Be present and attentive
Listening is more than just closing your mouth. True listening is a multi-layered and complex skill. It is essentially a decision to be present and attentive to another person. It also takes courage to listen at times, especially if the other person is saying some things you find uncomfortable. This can be a tremendous act of kindness.
Suspend your agenda
When you really listen to another person, you’re actively saying to that person: “I value you and what you have to say, and will give you my attention, time, and energy while you speak.” This also means suspending your own agenda and focusing a lot more on what the other person is saying and a lot less on what you plan to say next.
You don’t have to abandon your agenda, just set it aside long enough to take in what is going on for the other person. It will still be waiting for you to pick it up again when the time is right.
If the other person says things that you don’t want to hear, you will probably feel some discomfort. This can easily lead to defensiveness or the desire to fire back if you feel threatened. Your reactions can show up in a variety of ways. For example, physically you might notice a more rapid heart beat, heat rise up the back of your neck, shivering, or a churning in your stomach. Emotionally you might feel threatened, fearful, defiant, or angry. Your thoughts may turn to strategies for defending yourself or for how to get the upper hand with the person who is triggering your discomfort.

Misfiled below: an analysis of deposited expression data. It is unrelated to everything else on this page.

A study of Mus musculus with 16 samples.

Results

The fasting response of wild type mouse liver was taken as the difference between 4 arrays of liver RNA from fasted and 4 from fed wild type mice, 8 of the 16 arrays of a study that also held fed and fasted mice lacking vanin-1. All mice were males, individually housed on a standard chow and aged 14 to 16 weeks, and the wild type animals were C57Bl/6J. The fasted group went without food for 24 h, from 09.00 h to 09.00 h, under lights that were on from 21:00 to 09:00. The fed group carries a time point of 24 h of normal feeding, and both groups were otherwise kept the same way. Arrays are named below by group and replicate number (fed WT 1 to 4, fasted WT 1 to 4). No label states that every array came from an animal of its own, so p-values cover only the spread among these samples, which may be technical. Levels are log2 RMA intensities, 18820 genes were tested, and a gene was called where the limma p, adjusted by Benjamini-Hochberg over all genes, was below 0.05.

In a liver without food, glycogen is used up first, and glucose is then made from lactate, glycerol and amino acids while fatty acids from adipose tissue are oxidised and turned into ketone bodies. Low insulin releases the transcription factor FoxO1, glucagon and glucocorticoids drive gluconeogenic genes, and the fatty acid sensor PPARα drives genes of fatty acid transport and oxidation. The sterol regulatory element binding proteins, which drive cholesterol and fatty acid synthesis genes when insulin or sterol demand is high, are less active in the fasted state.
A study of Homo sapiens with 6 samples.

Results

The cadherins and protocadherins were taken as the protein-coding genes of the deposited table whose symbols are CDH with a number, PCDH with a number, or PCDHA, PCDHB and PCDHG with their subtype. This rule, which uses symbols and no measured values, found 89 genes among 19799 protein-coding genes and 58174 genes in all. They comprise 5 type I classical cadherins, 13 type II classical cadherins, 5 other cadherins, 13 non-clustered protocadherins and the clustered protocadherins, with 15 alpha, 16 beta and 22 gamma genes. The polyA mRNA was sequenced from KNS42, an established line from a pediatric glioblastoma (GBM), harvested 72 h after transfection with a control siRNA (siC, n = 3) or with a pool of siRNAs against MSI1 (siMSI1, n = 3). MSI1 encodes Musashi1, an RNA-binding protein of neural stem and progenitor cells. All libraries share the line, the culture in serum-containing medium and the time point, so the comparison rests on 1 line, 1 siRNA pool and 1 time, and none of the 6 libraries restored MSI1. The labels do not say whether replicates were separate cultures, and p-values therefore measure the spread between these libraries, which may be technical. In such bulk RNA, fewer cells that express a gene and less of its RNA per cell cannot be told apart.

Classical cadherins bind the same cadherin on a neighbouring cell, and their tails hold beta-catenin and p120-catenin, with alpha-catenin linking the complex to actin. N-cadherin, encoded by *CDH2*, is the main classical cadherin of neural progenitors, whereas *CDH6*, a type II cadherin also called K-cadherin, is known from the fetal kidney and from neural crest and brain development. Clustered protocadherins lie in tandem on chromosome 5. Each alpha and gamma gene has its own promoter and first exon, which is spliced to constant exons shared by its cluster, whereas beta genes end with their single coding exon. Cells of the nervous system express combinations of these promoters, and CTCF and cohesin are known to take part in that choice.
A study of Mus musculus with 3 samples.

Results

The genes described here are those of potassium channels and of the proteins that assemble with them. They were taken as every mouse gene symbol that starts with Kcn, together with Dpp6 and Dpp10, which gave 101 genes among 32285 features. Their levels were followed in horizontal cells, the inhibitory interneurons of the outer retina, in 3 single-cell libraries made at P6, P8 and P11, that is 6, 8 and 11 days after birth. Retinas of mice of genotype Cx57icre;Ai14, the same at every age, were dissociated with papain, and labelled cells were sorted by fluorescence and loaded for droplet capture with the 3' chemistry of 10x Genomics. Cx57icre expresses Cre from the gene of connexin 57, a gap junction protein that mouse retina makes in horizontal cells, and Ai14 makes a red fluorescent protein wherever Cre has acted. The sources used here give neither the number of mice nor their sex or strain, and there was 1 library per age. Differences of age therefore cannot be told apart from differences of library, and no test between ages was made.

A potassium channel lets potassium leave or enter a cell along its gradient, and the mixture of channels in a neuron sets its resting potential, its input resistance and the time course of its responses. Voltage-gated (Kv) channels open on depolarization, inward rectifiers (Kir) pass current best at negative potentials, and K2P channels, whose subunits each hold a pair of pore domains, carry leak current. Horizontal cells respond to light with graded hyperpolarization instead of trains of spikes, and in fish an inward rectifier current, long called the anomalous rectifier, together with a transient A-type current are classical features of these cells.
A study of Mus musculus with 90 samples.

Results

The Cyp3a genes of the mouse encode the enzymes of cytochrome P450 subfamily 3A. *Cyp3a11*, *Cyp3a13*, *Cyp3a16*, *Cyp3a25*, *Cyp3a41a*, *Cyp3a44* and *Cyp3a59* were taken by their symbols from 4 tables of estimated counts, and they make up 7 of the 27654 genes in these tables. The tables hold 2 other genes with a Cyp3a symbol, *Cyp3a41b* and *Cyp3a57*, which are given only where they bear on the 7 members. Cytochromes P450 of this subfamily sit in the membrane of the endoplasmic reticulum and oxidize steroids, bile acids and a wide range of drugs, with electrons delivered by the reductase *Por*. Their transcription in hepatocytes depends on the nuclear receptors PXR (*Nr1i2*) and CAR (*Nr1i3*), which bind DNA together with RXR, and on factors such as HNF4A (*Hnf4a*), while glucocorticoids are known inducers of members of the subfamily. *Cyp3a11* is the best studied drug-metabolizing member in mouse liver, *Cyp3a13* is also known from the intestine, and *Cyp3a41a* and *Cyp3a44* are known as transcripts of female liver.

All of these responses can interfere with, and make it difficult if not impossible, to really listen. Any time you feel like you’re warding off an attack, your ability to listen will start to drop. If you do find yourself in a guarded or defensive state, it’s helpful to just notice that. Take a deep breath and release any unnecessary tension. Then, like setting your agenda aside for a few moments, acknowledge your reactions and set them to the side temporarily, so you can come back and listen to what the person is saying.
Try warm, friendly curiosity
Once you set your reactions aside, it’s easier to try out more expansive choices. One of these choices is to become more curious about what the other person is actually saying. Allow yourself to wonder about why they would say what they say and feel the way they do. If you do this in a way that is also friendly and sincere, it will open more doors than you can imagine.
This even works with someone who is angry. When you listen with warm, curiosity to someone who is really upset with you, their anger will very often start to melt when they feel “heard” and valued. Most people really appreciate this! As a result, they will very often drop their guarded positions and this in turn can make it easier for you to drop your own defended position.
Warm, friendly, curiosity is a great ally. It invites the other person to connect and make contact. It can also be an enjoyable state that supports many different kinds of learning. This is a powerful base for productive work of any kind.
Have you tried warm, curious listening? Have you done this with someone who was upset with you? Did it lead to any surprises?